By David Ruggles
During the recent Republican debate held in Mitt Romney’s home state of Michigan, the presidential hopeful was asked about the “rescue” of General Motors and Chrysler. The premise of the moderator’s question was that since the automakers are now doing well, did Romney “regret his opposition to the rescue?” Romney answered, “The government finally followed my advice,” referencing his November 2008 op-ed in The New York Times entitled, “Let Detroit Go Bankrupt.” [Click to read the full article.]
Despite the inflammatory headline, Romney’s article was temperate and well-reasoned. Some readers might have assumed that the “bankruptcy” Romney recommended was a Chapter 7 liquidation, but that was not the case. The piece was written in the context of events of the day, in particular the Detroit Three CEOs appearing before Congress to request a “bailout.” The initial request was for $25 billion in loans or loan guarantees. That appeal later grew to $35 billion, while the total investment necessary to do the job, which has largely been repaid or secured with stock, ballooned to $81 billion.
In his op-ed, Romney stated that it would be better if the two companies in question, GM and Chrysler, were allowed to go through a “managed, pre-structured bankruptcy to allow them to restructure themselves.” Without such a restructuring, but with a “bailout,” Romney argued, the companies would continue on their current unsustainable path and would ultimately have to liquidate. “But don’t ask Washington to give shareholders and bondholders a free pass — they bet on management and they lost,” Romney said in his piece.
Reached by telephone for this column, Steve Rattner, former chief of the Automotive Task Force, called Romney’s 2008 piece “prescient.” He praises Romney’s op-ed as “95% correct.” According to Rattner, the “Romney plan” was followed almost to the letter. The exception: there was “no debtor-in-possession financing available through private lenders, requiring the U.S. Treasury to fill that role,” he said. (Remember the financial system meltdown of 2008-9 – see the note at the bottom.)
After the “government finally took my advice” comment, though, Romney should have left it there. The Democrats seem to be trying to mischaracterize Romney’s stated position in the New York Times article by applying “liquidation” bankruptcy to Romney’s headline, instead of the reorganization he clearly recommended in the body of the column.
Even more confusing is that Romney himself currently seems to be mischaracterizing his own original position. Bloomberg writes: "In Michigan after Wednesday's Republican candidate debate, Mitt Romney defended his opposition to the government bailout that saved jobs in the tens of thousands at GM and Chrysler. (Again, see the note.) According to Romney, instead of asking the government to intervene, the companies should have entered into private sector bankruptcies immediately.”
Never one to waste an opportunity, former Michigan Gov. Jennifer Granholm, a Democrat, said in an interview with Bloomberg that “Romney's view was ‘a knife in the back’ to his home state."
Rattner, too, is puzzled. “I can’t understand how Romney can go from being so out in front of the auto company reorganizations to disavowing his almost perfect original position. In fact, GM CEO Rick Wagoner stubbornly refused to consider Chapter 11 bankruptcy for GM and had to be removed for the reorganization to go forward.”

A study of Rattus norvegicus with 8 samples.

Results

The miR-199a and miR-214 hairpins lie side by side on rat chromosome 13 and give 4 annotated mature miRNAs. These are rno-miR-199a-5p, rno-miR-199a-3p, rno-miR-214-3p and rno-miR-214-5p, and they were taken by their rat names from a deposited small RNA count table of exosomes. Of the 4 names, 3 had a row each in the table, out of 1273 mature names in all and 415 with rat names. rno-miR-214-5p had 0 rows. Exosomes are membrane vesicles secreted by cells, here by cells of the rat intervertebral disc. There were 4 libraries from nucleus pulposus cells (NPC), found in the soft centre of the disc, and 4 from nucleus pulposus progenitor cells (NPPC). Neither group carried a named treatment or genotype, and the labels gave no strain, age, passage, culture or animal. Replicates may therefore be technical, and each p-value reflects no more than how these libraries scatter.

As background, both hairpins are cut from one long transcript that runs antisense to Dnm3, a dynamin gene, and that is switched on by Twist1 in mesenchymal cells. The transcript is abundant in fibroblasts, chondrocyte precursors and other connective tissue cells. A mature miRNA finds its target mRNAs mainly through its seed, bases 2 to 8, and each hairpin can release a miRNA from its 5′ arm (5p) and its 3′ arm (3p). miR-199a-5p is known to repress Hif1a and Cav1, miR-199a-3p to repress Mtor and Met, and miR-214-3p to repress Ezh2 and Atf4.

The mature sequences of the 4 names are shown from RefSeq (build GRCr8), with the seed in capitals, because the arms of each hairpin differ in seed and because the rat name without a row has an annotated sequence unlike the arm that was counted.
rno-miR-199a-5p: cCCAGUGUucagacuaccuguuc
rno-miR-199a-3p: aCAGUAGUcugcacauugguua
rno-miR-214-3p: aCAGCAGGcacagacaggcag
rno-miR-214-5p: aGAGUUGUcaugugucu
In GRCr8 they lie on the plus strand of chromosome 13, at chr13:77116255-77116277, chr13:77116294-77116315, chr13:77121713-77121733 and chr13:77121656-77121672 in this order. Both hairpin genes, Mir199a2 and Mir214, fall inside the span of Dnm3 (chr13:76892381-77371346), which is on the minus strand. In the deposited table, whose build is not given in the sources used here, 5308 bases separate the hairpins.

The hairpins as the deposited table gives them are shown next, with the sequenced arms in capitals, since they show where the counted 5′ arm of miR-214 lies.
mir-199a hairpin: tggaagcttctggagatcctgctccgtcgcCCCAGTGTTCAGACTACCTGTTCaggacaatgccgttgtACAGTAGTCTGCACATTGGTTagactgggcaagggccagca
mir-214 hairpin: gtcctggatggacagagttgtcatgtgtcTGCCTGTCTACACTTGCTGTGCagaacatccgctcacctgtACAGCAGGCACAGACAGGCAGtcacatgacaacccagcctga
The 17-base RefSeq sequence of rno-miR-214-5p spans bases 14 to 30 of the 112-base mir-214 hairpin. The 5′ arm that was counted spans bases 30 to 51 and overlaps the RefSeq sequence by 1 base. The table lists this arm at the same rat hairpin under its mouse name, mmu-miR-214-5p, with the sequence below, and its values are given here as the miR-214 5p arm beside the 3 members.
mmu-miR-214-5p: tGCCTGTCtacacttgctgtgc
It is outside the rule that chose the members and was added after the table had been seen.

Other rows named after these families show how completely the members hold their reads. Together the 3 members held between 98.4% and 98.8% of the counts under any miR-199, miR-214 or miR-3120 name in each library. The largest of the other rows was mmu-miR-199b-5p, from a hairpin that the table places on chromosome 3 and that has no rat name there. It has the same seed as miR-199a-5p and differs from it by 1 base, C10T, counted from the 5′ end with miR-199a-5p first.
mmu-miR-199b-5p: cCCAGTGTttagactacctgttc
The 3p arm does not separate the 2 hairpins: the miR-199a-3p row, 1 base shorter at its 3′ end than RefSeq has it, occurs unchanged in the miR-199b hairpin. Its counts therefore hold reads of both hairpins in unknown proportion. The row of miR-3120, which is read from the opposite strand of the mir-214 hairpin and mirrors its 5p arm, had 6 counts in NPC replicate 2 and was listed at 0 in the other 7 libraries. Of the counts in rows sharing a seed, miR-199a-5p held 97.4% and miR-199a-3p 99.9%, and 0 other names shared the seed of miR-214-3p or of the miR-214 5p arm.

By the time Pres. Barack Obama was inaugurated, the Bush administration had already advanced $17.4 billion in “bridge loans” from the Troubled Asset Relief Program to the two ailing automakers. Congress had turned down a “bailout” package despite Vice Pres. Dick Cheney admonishing his fellow Republicans, “Do you want to be known as the party of Hoover forever?”
Perhaps Romney is criticizing the Bush administration for the “bridge loans,” but last anyone checked, George W. Bush is not running for President again.
What is clear is that the rescue of the auto industry will be a hot topic in the upcoming 2012 elections. The President and the Democrats will be taking credit for what so far seems to be a good move, despite flaws in the “rescue’s” execution. The Republicans seem determined to claim that the “rescue” was a “bailout” and shouldn’t have been done.
In Republican frontrunner Romney’s case, he seems to be having a difficult time making up his mind what he thinks. His camp did not respond to a request for clarification of his position in advance of this column.
David Ruggles has spent his career in every phase of the retail side of the auto business, new and used, sales and management, including consulting and training in both the U.S. & Japan. Ruggles has been a dealer for Mercedes-Benz, Chrysler, Dodge, GMC, Ford, Mazda, and Subaru, and has consulted for one of the world’s largest privately owned Toyota dealer groups located in Japan. He blogs at autosandeconomics.blogspot.com and writes regular columns for several publications.
Note: on this blog Ruggles and Smitka repeatedly examined this issue during 2008-9, arguing that, due to the interlinked nature of the supply chain, made visible in the aftershocks to the industry of the "3/11" Tohoku earthquake, the liquidation of GM would have forced suppliers and hence Toyota, Honda and the rest of manufacturing to close. Without inventory, dealers would have followed, while even repairs on existing vehicles would have become difficult because spare parts production would also have shut down. Remember, there was no private financing to handle normal Chapter 11 bankruptcy – the only alternative would have been immediate liquidation.